Generously funded by Birmingham City Council as part of Birmingham 2022 Festival, Creative City awarded grants directly to community groups. Working with artists the aim was to flood the city with new creative work. Inspired by the Games, local charity Advocacy Matters were awarded a grant as part of their 20th anniversary. They worked with Bostin Creative to create the film ‘Personal Best’, which was screened at our Birmingham 2022 Festival Site in Touch Base Pears. The short film championed the voices and hopes of five remarkable people living in Birmingham. All with different disabilities and at different stages of their lives, they strive for a future of inclusivity, visibility and true community. 

Last week, the festival team spoke with development worker for Advocacy Matters, Joyce Wallace, where we looked back on a project where culture and The Games went hand in hand for the festival.

Introduce your name, role and project.

My name is Joyce Wallace and I’m a development worker for Advocacy Matters. Part of my role is to recruit volunteer advocates for our organisation, where I do our community work and support our volunteers.

Because our organisation is twenty years old this year, and the heart of the organisation started with the volunteers, we wanted to do some something to celebrate that. We wanted to create something which was enigmatic which would be an important part of our training programme. We wanted something that we could creatively use to give the impression of what advocacy is and why it’s so important that they come to support us on our training programme.

The film looks at five stories of people who have disabilities, where that’s one facet of them but they are amazing and enigmatic in other areas of life and that’s what’s more important.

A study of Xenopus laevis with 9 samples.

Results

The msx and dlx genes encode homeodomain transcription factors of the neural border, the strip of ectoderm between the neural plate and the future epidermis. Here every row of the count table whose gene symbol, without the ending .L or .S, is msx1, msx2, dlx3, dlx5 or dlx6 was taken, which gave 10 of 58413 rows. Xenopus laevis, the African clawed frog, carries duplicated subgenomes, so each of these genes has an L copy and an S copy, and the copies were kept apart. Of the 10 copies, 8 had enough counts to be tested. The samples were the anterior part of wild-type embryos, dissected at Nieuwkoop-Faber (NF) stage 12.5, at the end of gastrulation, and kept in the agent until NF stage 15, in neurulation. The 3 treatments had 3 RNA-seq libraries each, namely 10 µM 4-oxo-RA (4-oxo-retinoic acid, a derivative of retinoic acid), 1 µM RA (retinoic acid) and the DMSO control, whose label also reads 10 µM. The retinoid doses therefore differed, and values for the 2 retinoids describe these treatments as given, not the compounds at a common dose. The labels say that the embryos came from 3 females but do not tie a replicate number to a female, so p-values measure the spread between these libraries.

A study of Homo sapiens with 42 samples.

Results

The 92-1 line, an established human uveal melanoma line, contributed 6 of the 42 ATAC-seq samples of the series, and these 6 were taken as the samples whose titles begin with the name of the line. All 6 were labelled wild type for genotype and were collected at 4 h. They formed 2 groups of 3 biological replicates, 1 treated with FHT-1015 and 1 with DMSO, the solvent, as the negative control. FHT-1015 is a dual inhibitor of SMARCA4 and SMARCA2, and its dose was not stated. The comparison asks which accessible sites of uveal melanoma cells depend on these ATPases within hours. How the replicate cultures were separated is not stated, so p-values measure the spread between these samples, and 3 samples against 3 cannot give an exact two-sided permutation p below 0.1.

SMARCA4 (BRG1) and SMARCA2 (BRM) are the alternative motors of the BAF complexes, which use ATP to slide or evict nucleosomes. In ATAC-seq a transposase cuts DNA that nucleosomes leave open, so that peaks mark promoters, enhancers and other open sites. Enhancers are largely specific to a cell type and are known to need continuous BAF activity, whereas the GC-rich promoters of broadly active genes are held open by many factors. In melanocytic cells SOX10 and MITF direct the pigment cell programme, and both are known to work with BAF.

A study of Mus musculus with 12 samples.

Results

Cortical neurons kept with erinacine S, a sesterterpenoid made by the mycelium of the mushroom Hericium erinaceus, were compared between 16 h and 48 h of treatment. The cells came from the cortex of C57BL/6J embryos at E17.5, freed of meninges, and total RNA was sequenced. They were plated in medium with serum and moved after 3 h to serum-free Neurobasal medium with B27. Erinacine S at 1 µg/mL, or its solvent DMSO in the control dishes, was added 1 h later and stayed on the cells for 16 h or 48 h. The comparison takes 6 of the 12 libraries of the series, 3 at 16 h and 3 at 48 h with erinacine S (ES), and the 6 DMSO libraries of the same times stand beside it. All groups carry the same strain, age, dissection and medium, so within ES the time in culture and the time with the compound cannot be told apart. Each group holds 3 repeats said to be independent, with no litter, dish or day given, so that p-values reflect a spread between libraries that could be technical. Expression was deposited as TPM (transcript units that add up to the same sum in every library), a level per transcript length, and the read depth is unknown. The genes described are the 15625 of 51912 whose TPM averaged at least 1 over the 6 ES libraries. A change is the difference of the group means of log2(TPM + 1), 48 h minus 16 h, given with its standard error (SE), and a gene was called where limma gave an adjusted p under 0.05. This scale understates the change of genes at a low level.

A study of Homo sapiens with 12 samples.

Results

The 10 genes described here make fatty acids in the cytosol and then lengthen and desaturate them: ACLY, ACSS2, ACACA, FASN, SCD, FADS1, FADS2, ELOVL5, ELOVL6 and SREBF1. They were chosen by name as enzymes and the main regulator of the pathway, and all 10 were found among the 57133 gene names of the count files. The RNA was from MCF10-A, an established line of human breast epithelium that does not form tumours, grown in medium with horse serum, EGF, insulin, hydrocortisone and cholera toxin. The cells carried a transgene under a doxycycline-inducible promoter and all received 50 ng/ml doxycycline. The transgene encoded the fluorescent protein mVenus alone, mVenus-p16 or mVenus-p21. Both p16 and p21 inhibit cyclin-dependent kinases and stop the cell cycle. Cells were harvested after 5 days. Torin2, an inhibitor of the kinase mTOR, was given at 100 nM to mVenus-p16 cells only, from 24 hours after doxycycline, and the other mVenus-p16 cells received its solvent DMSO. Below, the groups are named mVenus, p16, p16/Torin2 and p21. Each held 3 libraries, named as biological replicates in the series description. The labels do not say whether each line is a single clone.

How would you describe your project to those who are new to your work?

Personal Best encapsulates the changes and experiences that people have whether they be nineteen or whether they be in their 80s when their lives are disrupted by a disability. They would not say that their lives have been disrupted by a disability. Their lives are their lives.

What has been your favourite part of the project?

Showing the films and getting emotional about it every single time I see something different! I like the trailer because it’s really punchy, and I like that we have got the people involved and taken into a different place.

Bostin Creative have achieved things that has changed the participants as individuals because they believed in the work we wanted to do. We found ways of igniting people’s interest in something, taking them to a different place which they wouldn’t normally have understood or experienced.

Do you have any plans for after the festival?

Personal Best is going to be shown at a national advocacy conference at the end of the year as a resource. We want to take it to different places – we hadn’t done visual projects before. This was the first voyage, and we’ll definitely do that again.

Is there anything else in the festival you’re excited to see?

I’d like to see PoliNations, I’m looking forward to seeing that!

What excites you about Birmingham 2022 Festival?

I have always known that Birmingham is full of secret and wonderful places – there’s just so many beautiful places and surprises! We sometimes don’t like to shout about our surprises and Birmingham have taken the opportunity to do so. It’s enlightened people to what Birmingham really is about, and at the heart of it is people who really care about each other from all walks of life.

Personal Best is available to watch online via YouTube.

Personal Best is a Creative City Project generously supported by Birmingham City Council. The film is written by Emily Summers, captured by Tom Synnott Bell and created by Bostin Creative with Advocacy Matters and Blue & White Creative.